Thursday, February 16

decades and half-decades

dearest Jeremiah and I finished the last season of Buffy the Vampire Slayer last month. it felt sort of odd to finish it after so long. seven long seasons of twenty or so 40-minute episodes, set in the familiar, bygone half-decade of 1997-2003. not that long ago. but also half my life ago.

speaking of bygone decades, and along more responsible/academic lines, I have been obsessively skimming old wikipedia versions from 2006, and blogposts from 2006 and 2007 (in the archives of http://hughmcguire.net/ and http://textosolvo.net/archives/) and listening to these eclectic old podcasts (I'm up to the ones from 2008 now-- it's slow going). did I know podcasts existed back in 2008? no, I did not. 2008 had a lot of stuff in it that I missed.

as I trace LibriVox here and there across the last decade of the internet, I'm finding myself absorbed in miscellaneous newsy pieces about how cool the project is. they still get talked about now, too, but there's less awe about it these days, it seems like. in 2007 there was more awe. in 2008 it was still new and exciting to see what all these volunteers were actually accomplishing. crowdsourced things like this don't seem that amazing anymore, do they? we can blink and a million people have donated $5 each to fund a new game or show or product. a few thousand audiobooks isn't necessarily so special.

the history of all this awe and excitement fading into yeah-okay-old-hat-ness is deeply fascinating to me at the moment. the insatiable, detail-oriented parts of my brain want to chronicle and storify every moment of the development of this project, and all the murmurings and discussions and controversy and publicity surrounding it, too. I find myself idly wondering if I should've studied history instead of writing. if I should wander off and study history instead...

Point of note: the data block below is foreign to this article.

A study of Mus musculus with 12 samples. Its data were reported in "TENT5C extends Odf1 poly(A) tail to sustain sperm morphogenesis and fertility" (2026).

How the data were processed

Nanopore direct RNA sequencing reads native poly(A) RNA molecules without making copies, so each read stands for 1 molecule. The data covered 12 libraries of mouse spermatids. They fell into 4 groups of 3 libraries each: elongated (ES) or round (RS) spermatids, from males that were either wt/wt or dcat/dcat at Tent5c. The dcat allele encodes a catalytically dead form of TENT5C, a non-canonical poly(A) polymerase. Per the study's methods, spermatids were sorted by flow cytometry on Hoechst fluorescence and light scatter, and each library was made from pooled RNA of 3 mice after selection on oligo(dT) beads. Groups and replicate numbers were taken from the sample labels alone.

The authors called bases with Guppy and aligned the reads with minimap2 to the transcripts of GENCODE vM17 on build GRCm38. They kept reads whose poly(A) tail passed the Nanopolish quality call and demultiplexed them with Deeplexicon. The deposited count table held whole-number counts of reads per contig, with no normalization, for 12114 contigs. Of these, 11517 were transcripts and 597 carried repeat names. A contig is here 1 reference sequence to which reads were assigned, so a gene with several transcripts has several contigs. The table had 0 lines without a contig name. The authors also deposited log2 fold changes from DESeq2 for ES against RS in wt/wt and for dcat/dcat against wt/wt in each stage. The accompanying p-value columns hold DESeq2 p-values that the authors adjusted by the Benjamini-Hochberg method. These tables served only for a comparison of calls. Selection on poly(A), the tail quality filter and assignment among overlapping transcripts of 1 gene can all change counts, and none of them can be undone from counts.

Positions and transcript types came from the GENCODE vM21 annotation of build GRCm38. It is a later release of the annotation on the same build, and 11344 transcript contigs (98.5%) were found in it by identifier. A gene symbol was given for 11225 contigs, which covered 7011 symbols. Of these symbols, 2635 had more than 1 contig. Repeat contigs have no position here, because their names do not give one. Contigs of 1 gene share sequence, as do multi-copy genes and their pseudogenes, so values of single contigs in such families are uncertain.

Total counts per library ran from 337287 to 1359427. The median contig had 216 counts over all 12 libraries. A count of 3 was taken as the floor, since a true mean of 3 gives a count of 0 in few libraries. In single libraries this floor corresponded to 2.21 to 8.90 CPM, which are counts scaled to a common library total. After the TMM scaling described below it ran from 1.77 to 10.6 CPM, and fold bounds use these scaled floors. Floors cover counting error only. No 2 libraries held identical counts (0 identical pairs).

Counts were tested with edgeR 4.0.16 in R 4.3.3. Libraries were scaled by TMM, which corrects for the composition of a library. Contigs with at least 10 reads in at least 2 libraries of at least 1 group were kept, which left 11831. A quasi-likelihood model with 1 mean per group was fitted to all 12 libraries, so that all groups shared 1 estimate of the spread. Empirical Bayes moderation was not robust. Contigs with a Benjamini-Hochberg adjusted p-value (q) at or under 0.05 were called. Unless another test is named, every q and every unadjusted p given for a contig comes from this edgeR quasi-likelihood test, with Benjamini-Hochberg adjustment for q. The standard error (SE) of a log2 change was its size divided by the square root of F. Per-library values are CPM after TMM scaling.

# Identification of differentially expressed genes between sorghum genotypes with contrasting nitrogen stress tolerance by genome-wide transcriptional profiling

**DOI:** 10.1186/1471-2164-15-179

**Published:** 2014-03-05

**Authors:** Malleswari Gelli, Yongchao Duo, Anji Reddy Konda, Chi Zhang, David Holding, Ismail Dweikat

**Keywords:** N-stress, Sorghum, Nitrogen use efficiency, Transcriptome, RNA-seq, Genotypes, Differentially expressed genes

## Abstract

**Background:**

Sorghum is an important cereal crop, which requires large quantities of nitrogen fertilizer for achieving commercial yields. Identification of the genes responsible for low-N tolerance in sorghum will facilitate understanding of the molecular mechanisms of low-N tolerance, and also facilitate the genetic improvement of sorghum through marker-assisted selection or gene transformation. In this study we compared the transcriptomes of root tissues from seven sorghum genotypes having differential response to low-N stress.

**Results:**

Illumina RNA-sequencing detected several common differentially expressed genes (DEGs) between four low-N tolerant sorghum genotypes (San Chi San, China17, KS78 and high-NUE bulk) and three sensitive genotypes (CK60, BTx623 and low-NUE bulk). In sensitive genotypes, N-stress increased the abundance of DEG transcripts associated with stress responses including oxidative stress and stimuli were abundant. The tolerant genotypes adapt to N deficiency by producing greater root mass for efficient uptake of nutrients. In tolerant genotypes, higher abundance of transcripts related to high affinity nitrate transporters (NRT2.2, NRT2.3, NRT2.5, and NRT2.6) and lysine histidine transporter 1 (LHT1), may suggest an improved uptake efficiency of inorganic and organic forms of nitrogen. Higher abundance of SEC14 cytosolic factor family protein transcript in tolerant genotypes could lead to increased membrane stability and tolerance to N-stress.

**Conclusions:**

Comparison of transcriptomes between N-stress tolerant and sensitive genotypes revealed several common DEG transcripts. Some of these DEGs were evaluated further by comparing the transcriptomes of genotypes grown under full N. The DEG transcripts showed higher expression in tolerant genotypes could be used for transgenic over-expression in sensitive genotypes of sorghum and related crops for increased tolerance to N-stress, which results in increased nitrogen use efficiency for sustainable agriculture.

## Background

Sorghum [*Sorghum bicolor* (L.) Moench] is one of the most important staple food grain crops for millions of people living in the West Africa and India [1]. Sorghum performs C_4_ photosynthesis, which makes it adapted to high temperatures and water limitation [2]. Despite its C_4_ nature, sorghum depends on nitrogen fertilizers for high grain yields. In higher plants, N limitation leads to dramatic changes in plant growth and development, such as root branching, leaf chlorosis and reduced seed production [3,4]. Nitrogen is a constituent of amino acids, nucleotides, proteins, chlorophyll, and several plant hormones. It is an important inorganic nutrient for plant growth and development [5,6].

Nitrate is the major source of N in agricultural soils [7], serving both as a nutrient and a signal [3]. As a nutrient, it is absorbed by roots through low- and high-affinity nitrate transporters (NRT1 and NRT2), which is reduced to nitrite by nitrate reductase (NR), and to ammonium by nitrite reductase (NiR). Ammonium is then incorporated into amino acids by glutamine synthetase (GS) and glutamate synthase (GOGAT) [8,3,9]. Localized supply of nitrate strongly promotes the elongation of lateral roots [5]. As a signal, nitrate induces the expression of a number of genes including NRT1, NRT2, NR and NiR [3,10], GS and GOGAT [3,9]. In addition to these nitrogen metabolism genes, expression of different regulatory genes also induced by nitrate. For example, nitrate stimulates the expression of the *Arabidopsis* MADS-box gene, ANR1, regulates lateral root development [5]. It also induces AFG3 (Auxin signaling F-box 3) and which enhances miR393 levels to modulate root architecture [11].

but now that I think on it, studying history doesn't sound as fun as writing history. can you do the later without the former? hmm.

I may end up finding some compromise and incorporating historiography into my dissertation somehow. that might work just fine.

anyway. after we finished Buffy, it was my turn to choose the next show. Sherlock. because dearest Jeremiah had not seen any shred of it at all. but now he has, and we are on the verge of the most recent season. it's all going by much quicker, since there only four seasons of three episodes each--though they are longer mini-series-style episodes and not as easy to squeeze in while you're eating breakfast.

2 comments:

Janeheiress said...

I've been thinking about this lately--we don't generally remember when things about the internet that we take for granted now came to pass. It's kind of sad, really. I remember using a 100 MB zip disk in college, but I don't remember when flash drives became commonplace or when GB became the standard measurement of storage space. I don't remember when Youtube started to be the go-to place for tutorials or vlogs or best-of compilations or fan videos or SNL skits. I don't remember when Wikipedia became my first resource for superficial knowledge of any subject. I don't even remember when ethernet entirely replaced dial up connections, or when Wifi became the standard. I don't even remember when aol and geocities and hotmail became obsolete. Crazy, huh?

amelia chesley said...

yeah-- all that stuff happens so fast, and yet also so gradually. it is hard to notice.
I am not in tune with the field of history enough to know whether anyone is chronicling the internet age in such detail or not. hopefully they are.